Is there a limit to how far you can run horizontally with a 1-1/2 inch vent
before you go vertical or tie into a stack? Present vent by previous owne
r runs about 15 feet. I could tie it into a 4" stack only 4 feet away. Eve
rything is still open (basement) and accessible. Cutting a 4" vertical cas
t iron stack would not be fun, but maybe there are other methods of tying i
In a case like that, you should probably consider using an air
You see, the whole idea behind vent piping is to prevent the partial
vaccuum that can be created behind draining water from sucking the water
out of the drain's P-trap. By connecting an empty pipe (called a
"vent") to the drain pipe a short distance downstream of the trap, air
will be sucked into the drain pipe behind the draining water instead of
the water in the p-trap being sucked out.
An air admittance valve (also called a Studer valve after the company
that first marketed them) is really nothing more than a spring actuated
check valve. You mount it on the drain pipe a short distance downstream
of the P trap. If a partial vaccuum ever develops in the drain pipe
behind the draining water, the air admittance valve opens allowing air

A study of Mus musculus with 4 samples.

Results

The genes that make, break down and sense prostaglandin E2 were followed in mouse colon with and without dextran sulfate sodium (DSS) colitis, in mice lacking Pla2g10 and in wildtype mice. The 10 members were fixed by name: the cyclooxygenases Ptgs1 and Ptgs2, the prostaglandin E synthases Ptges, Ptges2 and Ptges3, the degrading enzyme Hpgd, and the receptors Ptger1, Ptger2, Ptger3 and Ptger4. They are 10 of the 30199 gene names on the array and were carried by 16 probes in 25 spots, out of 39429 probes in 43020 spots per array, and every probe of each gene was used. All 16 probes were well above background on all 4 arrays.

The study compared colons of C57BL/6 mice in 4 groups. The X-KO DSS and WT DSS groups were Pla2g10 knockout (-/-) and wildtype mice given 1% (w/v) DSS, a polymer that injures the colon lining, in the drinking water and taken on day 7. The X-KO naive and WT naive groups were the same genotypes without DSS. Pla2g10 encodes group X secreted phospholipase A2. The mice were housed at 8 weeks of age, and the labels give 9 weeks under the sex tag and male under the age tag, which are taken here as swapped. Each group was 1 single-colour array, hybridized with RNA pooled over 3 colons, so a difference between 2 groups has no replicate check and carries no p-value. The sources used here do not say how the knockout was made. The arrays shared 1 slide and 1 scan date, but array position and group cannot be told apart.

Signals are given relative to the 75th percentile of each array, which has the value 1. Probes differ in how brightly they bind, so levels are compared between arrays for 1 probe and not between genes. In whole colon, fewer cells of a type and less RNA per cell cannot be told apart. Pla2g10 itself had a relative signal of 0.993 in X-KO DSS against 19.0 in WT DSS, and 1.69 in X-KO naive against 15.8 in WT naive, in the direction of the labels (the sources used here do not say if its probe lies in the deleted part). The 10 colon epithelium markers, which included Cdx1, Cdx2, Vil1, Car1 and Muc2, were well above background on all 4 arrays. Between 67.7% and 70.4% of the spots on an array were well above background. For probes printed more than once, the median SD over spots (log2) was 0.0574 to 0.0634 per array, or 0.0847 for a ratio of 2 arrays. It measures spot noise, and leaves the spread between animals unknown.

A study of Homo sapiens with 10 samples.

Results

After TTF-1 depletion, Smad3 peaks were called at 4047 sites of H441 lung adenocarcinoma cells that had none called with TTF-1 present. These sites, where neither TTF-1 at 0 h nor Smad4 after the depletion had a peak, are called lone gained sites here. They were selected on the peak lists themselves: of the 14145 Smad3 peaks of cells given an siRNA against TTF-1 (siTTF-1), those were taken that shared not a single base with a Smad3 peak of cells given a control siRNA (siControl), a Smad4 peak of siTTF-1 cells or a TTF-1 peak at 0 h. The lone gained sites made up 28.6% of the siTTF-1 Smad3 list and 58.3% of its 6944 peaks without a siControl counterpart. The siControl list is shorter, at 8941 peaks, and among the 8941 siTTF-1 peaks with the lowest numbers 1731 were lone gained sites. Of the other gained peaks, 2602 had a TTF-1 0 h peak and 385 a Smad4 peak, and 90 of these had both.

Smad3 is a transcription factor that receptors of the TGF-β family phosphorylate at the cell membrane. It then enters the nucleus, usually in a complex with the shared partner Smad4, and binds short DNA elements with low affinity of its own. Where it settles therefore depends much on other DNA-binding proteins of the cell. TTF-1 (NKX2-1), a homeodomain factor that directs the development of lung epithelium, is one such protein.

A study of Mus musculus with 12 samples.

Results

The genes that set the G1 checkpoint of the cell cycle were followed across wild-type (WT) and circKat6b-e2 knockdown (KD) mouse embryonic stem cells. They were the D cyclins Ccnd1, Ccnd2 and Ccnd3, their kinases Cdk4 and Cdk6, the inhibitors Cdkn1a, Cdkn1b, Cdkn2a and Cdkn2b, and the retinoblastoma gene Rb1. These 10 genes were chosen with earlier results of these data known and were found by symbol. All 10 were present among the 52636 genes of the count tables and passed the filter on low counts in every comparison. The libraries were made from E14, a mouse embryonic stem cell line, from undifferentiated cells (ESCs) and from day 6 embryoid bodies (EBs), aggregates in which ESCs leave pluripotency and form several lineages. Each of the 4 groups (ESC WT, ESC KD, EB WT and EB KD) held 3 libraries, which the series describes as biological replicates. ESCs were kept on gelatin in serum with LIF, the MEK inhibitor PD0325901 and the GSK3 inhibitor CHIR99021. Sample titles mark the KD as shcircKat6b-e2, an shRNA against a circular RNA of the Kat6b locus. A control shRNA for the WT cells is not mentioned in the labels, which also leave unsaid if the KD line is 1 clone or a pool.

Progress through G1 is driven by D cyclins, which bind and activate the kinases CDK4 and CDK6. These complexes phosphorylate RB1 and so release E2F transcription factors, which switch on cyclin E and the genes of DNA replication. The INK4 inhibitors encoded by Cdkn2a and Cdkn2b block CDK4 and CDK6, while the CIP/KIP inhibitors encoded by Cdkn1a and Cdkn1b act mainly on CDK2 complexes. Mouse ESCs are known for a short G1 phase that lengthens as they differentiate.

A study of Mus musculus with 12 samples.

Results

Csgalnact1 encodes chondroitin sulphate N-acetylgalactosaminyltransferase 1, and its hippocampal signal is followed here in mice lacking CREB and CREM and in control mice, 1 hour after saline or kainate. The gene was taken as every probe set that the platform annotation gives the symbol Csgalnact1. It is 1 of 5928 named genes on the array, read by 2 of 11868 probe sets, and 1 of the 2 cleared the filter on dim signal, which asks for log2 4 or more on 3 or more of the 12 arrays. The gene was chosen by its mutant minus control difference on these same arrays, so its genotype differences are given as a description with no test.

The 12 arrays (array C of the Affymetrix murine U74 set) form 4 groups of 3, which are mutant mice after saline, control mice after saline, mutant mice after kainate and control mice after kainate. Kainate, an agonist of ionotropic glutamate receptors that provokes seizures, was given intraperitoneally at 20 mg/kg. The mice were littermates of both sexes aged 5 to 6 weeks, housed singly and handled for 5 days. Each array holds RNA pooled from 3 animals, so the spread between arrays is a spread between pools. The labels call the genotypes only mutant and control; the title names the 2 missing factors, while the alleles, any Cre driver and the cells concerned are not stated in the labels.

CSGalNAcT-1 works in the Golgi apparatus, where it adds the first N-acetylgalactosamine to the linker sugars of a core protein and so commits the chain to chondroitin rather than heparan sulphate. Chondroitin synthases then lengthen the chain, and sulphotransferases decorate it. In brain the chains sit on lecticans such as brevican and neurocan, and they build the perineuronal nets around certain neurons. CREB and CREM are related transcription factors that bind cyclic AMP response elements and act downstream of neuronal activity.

to rush into the drain pipe behind the draining water, thereby ensuring
that there's no risk of the water in the p-trap getting sucked out.
You see, the worst that can happen if the water in your p-trap gets
sucked out is that you have the smelly air in the sewer coming up
through that empty trap to stink up your bathroom. That sewer gas isn't
pleasant, but it's not poisonous either. So, it's best to have your
drains vented, but where venting isn't practical, most jurisdictions
will allow you to use an air admittance valve instead.
Google "air admittance valve" or "Studer valve" and read all about them.
The air admittance device is probably the easiest option. The height of the
device is supposed to be above the fixture that it is venting.
Cutting the cast iron vent stack and inserting a tie-in there is an option,
but it can be tricky. For one thing, the pipe/stack above the cut needs to
be braced well so it doesn't drop down when you take out a section of the
I noticed that you recently posted:
"Sheet vinyl vs. tile??",
"Circuit Breaker as an input device",
and you received lots of replies to both questions. But, I didn't see any
reply back from you. Did you read what people wrote? Do you have ANY
follow-up on either of those questions and the responses that you received?
HomeOwnersHub.com is a website for homeowners and building and maintenance pros. It is not affiliated with any of the manufacturers or service providers discussed here.
All logos and trade names are the property of their respective owners.